At Least Three People Dead, 12 Others Wounded in Terror Attack Near Christmas Market in Strasbourg, France; Gunman Still at Large

The bustle of holiday shopping gave way to a lockdown in the French city of Strasbourg on Tuesday after a gunman killed at least three people and wounded a dozen others in a suspected terrorist attack, according to police.

Prosecutors say the shooter has been identified but remains at large after authorities went to his house and failed to find him. The 29-year-old suspect has a criminal record and has been linked to radicalism. FGP Police union official Stephane Morisse said officers found explosive materials at the home.

Morisse said the suspect was shot and wounded by soldiers standing guard over the Christmas market, but he was still able to escape.

The evening attack happened at the city’s world-famous Christmas market. France, where most of Europe’s worst terror attacks of recent years took place, is raising its terror alert level and sending security reinforcements to Strasbourg, Interior Minister Christophe Castaner said.

Some 350 security forces and two helicopters were involved in the search for the assailant, who had been radicalized for “several years” and confronted law enforcement officers twice while he “sowed terror” in Strasbourg, Castaner said.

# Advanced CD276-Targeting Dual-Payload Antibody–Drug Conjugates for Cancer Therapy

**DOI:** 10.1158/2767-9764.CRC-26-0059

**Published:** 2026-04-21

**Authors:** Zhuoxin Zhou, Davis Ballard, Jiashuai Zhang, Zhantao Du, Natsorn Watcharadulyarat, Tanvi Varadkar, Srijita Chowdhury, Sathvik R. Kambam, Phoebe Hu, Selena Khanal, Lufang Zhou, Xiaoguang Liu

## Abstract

The death toll stood at three early Wednesday, he said. Two police union officials said earlier there were four victims. Officials did not explain the conflicting numbers.

A dozen more people were wounded, half of them who were in “absolute emergency” critical condition, Castaner said.

French military spokesman Col. Patrik Steiger said the shooter didn’t seem to be aiming for the soldiers patrolling in and around the market, but appeared to target civilians instead.

It’s unclear if the market — which was the nucleus of an al-Qaida plot in 2000 — was targeted. The city is also home to the European Parliament, which was locked down after the shooting. So were other parts of the city.

French interior minister Christophe Castaner and Paris prosecutor Francois Molins, who oversees anti-terror probes in France, headed to Strasbourg. The prosecutor’s office said the investigation is for murder and attempted murder in relation with a terrorist enterprise.